Collaborative care restores the voice of a Luther College music student.
Music to her ears
Preparing for her senior year at Luther College, Kirstin Roble faced one of her biggest challenges of higher education: the vocal performance major was diagnosed with a cyst on her left vocal chord. “I was often ill during my junior year, causing frequent vocal hoarseness and limiting my ability to even complete a single voice lesson.” With her sights set on earning a master’s and then doctoral degree, Kirstin’s vocal coach suggested she be examined by a specialist.
“After I could hardly sing at a graduate school audition, I saw Dr. Remington at Winneshiek Medical Center.” William Remington, M.D. is a Mayo Clinic Health System ear, nose, throat, head and neck surgeon at Winneshiek Medical Center. Kirsten adds, “Dr. Remington examined my vocal chords and referred me to Mayo Clinic to be seen by a vocal chord specialist.” They detected the cyst and Kirsten was diagnosed with dysphonia, a disorder impairing her ability to produce sounds.
Following surgery to remove the cyst, Kirstin was prescribed complete vocal rest for two weeks. “Not being able to speak at all for two weeks was extremely difficult for me – all of my friends know I am extremely chatty,” says Kirstin. Easing back into vocal use as to not damage her sensitive vocal chords, Kirstin began an intensive therapy program with Winneshiek Medical Center speech-language pathologist, Kelli Zeimetz-Mehmert, SLP. Kelli says, “Kirstin’s case was interesting in that a variety of health care providers were part of her care and the future of her chosen career path was at stake. Kirstin realized how important post-operative therapy was, and her commitment to rehabilitating her vocal cords and restoring her vocal abilities led to a complete recovery.”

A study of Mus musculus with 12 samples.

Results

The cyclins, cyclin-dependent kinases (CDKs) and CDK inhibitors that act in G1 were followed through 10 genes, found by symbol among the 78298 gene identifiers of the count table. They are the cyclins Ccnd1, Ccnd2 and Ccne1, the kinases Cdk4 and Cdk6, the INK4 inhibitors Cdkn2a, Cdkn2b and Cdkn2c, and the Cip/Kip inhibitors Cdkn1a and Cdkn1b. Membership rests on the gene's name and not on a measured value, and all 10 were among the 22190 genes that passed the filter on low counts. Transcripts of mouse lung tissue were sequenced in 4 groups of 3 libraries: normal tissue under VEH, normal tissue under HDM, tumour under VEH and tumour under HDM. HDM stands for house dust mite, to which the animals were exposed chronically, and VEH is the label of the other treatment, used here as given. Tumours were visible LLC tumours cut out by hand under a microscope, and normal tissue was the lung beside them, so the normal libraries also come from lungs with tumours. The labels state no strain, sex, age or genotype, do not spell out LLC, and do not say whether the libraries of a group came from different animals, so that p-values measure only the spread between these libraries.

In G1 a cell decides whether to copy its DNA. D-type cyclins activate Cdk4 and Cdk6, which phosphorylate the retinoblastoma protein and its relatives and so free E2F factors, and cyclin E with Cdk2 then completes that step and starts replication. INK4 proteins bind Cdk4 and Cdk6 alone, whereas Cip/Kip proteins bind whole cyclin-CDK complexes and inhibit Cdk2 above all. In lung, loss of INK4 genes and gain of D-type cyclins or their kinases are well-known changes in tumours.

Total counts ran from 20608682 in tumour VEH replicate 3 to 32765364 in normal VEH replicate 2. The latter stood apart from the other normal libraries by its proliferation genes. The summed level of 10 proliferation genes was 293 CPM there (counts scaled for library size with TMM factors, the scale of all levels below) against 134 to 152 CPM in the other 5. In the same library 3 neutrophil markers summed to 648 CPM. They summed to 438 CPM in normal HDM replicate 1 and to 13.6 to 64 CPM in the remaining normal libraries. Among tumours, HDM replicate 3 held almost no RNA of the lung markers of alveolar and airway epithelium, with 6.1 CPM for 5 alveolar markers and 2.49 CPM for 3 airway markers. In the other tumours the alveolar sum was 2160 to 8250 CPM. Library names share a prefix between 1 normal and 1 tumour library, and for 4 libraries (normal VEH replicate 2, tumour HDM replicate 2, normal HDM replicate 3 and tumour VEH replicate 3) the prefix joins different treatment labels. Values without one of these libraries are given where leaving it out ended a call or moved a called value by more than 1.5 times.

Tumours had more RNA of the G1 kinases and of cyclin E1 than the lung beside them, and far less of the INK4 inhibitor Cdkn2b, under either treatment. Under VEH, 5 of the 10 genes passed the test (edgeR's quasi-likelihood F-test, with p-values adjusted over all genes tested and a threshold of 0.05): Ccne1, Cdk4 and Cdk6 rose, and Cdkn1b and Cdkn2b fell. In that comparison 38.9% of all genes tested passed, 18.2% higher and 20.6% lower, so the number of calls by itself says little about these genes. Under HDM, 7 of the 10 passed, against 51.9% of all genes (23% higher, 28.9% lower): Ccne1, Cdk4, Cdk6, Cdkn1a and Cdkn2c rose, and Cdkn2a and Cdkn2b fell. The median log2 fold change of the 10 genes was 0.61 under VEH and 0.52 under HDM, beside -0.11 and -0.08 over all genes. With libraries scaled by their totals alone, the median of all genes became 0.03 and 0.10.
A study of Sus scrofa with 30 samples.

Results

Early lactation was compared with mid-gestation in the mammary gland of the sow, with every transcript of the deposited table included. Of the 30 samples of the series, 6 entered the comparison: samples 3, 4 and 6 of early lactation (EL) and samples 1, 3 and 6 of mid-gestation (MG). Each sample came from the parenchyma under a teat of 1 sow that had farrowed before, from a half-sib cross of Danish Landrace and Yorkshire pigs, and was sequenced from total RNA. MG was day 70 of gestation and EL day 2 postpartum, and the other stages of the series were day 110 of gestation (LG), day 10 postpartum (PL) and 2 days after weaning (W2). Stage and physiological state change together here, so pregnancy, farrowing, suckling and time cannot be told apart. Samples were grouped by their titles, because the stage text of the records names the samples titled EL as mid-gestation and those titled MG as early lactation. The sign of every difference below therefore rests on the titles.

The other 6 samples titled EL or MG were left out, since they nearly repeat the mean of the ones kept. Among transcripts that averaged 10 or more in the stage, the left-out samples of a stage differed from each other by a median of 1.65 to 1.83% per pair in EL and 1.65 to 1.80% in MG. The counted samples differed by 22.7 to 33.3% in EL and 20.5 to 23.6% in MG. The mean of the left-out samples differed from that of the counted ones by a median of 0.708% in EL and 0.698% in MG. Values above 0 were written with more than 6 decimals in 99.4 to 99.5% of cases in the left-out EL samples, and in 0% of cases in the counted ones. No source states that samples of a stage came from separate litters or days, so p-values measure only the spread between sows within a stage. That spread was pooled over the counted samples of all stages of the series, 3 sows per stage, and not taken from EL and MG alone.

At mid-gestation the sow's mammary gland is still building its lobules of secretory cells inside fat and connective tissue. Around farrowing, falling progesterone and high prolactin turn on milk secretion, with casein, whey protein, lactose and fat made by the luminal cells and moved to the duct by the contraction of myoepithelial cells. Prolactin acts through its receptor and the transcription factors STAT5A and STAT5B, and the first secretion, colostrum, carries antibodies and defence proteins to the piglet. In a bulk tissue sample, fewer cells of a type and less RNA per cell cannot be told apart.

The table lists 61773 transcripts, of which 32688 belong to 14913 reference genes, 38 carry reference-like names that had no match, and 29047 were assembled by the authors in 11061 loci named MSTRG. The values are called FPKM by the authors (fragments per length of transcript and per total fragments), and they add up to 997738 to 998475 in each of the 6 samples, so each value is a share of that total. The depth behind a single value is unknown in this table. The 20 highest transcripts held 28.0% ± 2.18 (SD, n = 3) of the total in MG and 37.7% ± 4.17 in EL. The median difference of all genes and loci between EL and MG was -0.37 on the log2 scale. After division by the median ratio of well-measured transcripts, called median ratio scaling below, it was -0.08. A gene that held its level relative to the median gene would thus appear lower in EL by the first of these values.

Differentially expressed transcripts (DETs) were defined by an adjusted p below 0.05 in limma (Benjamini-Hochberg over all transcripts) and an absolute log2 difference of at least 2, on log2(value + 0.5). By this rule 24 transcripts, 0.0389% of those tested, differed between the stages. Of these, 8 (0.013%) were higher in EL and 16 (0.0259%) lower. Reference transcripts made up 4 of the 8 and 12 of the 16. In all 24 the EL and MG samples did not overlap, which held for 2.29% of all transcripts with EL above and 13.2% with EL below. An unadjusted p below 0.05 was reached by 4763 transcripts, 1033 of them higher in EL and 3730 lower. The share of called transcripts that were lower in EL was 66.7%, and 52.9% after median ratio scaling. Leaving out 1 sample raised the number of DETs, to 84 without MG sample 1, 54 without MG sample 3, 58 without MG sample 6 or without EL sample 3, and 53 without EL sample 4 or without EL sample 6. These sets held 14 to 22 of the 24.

Speech pathology at Winneshiek Medical Center and Mayo Clinic taught Kirstin how to speak resonantly, or to use her voice to its fullest potential. “Many people unknowingly speak in a way that places stress on their neck and vocal cords,” says Kelli, “which can cause the voice to sound weak, hoarse, breathy or rough. In some cases, polyps or cysts can develop due to continued misuse. Therapy helps restore vocal abilities, improving many patients’ quality of life.”
Kirstin’s experience has led her to an expanded career path: researching voice disorders in female singers. She says, “The entire experience opened my eyes to the effects of vocal disorders on professional singers, and through teaching voice and as a vocal scholar, I hope to encourage other singers as they face the effects of dysphonia.”